The government shutdown has placed thousands of federal workers on unpaid leave, but money is flowing to one group: Congress.
That's right, despite causing the shutdown in the first place, members of the House and Senate are still drawing their paychecks — and some are even going ahead with scheduled fundraisers, building up their political war chests in hopes of holding on to their jobs after midterm elections next year.
"It looks terrible to be taking care of your campaign while you've got the government shut down," said Bill Allison, editorial director for the Sunlight Foundation, a nonprofit that tracks government transparency. "The idea that you'd be having a swank fundraiser, rubbing elbows with lobbyists and raising campaign money can really just be a terrible thing for Congress."
But that hasn't stopped several lawmakers from holding events, according to a Sunlight Foundation survey.
Rep. Gene Green, Texas Democrat, held a fundraising luncheon at Tortilla Coast in Washington on Tuesday, just hours after the government officially closed its doors for lack of funding. The smallest contribution level was $1,000.
If you had only $500 in your pocket, you could have gone to support Rep. Charlie B. Rangel, New York Democrat, on Wednesday night at an event hosted by several other House members.
If you are looking for an outdoor activity, you can attend the second annual Trout Fishing Weekend benefit for Sen. John Boozman, an Arkansas Republican who is not up for re-election until 2016. The event, at Gaston's White River Resort in Arkansas, costs $2,500 and, as of midweek, is still a go unless the impasse on Capitol Hill drags on.
"Sen. Boozman is committed to being here in Washington until this is resolved, so he won't be home for [the fundraiser] if the government is still shut down," said Boozman spokesman Patrick Creamer.
Other lawmakers have been more concerned about the optics of raising money while the rest of the government goes without pay, and several have canceled events.
Rep. Steve Chabot, Ohio Republican, was planning a "Taste of Cincinnati" fundraiser for Tuesday but canceled the event as it looked likely that the government was headed for a shutdown. The Ohio food prepared for the event was donated to a D.C. homeless shelter, a spokesman for Mr. Chabot said.
Rep. Lois Capps put on hold an "Autumn Reception" scheduled for Tuesday, and fellow California Republican Rep. Mike Thompson canceled a $2,500 evening of "stimulating conversation and some of California's finest wines" planned for Monday.
"Working on solving the shutdown takes priority," Thompson communications director Austin Vevurka told The Washington Times.
Rep. David Roe, Tennessee Republican, stopped a Thursday breakfast fundraiser with Rep. Steve Scalise, Louisiana Republican. The event was $250 minimum at the Capitol Hill Club, a private Republican social club.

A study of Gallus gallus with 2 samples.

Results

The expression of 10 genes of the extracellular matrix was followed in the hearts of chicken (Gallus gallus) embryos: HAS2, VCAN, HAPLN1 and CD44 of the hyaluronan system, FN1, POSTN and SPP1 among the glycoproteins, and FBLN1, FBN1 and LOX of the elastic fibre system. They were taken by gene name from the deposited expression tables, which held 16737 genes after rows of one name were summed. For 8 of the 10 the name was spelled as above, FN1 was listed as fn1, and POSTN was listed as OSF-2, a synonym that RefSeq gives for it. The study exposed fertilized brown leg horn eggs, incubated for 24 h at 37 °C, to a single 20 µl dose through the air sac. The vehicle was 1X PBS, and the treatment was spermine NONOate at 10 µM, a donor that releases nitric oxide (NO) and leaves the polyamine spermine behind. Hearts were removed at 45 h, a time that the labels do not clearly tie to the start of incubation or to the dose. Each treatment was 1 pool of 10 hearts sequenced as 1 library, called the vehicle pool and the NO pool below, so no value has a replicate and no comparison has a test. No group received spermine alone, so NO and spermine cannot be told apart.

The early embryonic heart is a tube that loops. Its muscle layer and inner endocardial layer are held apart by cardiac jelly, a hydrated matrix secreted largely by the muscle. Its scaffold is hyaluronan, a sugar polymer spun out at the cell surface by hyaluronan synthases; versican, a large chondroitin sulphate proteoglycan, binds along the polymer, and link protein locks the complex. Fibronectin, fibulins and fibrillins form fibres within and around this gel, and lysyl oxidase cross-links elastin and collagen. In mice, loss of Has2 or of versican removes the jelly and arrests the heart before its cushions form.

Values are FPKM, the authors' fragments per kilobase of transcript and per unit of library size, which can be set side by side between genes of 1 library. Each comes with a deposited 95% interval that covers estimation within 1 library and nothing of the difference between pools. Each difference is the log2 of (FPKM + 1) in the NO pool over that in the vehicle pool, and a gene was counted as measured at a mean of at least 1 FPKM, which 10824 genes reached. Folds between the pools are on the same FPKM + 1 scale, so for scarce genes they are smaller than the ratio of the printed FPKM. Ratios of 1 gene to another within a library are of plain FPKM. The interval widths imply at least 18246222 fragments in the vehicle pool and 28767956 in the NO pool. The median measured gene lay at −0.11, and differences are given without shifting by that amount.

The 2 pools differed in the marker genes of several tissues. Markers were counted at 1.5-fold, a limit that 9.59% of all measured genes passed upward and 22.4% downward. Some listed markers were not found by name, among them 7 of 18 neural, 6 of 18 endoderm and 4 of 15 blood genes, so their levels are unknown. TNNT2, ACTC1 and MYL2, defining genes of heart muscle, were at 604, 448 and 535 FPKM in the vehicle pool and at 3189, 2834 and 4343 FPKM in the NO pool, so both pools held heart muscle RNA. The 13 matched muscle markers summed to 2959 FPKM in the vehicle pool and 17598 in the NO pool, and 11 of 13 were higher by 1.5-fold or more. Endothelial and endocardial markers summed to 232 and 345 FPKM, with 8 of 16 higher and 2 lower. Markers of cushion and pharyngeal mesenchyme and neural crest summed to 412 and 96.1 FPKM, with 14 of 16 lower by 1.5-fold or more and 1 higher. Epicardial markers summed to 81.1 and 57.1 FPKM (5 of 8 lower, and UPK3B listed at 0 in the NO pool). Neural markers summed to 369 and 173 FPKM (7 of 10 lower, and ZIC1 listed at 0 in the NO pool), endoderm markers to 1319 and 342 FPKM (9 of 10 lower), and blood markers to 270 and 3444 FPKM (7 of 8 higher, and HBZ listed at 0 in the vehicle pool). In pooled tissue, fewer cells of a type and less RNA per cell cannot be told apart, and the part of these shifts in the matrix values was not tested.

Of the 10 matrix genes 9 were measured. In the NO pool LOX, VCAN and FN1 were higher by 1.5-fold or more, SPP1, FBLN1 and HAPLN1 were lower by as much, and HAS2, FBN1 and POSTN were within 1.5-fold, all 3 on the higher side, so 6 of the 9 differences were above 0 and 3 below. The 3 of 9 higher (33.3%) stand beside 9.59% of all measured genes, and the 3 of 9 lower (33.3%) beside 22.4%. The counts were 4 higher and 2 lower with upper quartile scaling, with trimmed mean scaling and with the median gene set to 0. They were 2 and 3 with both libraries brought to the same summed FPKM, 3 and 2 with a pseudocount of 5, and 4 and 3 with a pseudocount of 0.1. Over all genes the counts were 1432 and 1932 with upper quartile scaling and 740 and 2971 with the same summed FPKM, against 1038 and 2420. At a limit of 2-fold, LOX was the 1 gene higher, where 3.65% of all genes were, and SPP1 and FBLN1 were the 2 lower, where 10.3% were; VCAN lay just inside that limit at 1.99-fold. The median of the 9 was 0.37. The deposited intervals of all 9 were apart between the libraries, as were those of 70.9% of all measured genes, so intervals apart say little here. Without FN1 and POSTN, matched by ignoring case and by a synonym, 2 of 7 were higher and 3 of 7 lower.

Public anger over the shutdown likely is causing the cancellation of events, Mr. Allison said.
"It is the exposure that's making them cancel it; it's not because they think there's something wrong with fundraising," he said. "It's sort of like asking to be rewarded for not doing your job."
If the shutdown goes on for several weeks and scrutiny starts to wane, Mr. Allison said, he expects the fundraising routine to resume.
"Once the eye is off of these guys, they'll go back to raising money," he said.
Members of Congress also have been criticized for receiving paychecks during the shutdown, a perk not afforded to many federal workers.
The average annual salary for lawmakers is $174,000, though congressional leadership positions such as speaker of the House can pay more than $220,000.
Several lawmakers have said they are refusing their pay until the shutdown ends. A survey by The Washington Post found that, as of Wednesday afternoon, 100 lawmakers — 53 Republicans and 47 Democrats — have said they would either refuse their salary, return it to the government or donate it to charity.
Senate Minority Leader Mitch McConnell, Kentucky Republican, said the shutdown would have a real impact on his constituents.
"I will donate my paycheck to charity for as long as Senate Democrats deprive hardworking Americans of their paychecks during this completely unnecessary shutdown," he said.
Rep. Suzan K. DelBene, Washington Democrat, said she plans to continue her policy of tying her pay level to that of other government workers.
"When sequestration began earlier this year, I returned 8.2 percent of my salary back to the Treasury, and for the duration of this shutdown, I will return the remainder of my personal salary as well," she said.
Sen. Ted Cruz of Texas, a possible contender for the Republican presidential nomination who led a 21-hour filibuster leading up to the shutdown, also said he would donate his pay to charity.
The shutdown also hasn't slowed fundraising for gubernatorial campaigning in Virginia between Democratic candidate Terry McAuliffe and Republican Kenneth T. Cuccinelli II. With Election Day approaching, both have fundraising events scheduled for the coming week.
Some PACs are even using the shutdown and controversy over the president's health care law as an opportunity to drum up support and cash. Groups on both sides of the aisle have solicited donations for supporting their sides of the arguments.
"The optics of sending an email aren't as bad as the optics of an open bar with lobbyists," Mr. Allison said.
• Kellan Howell contributed to this report.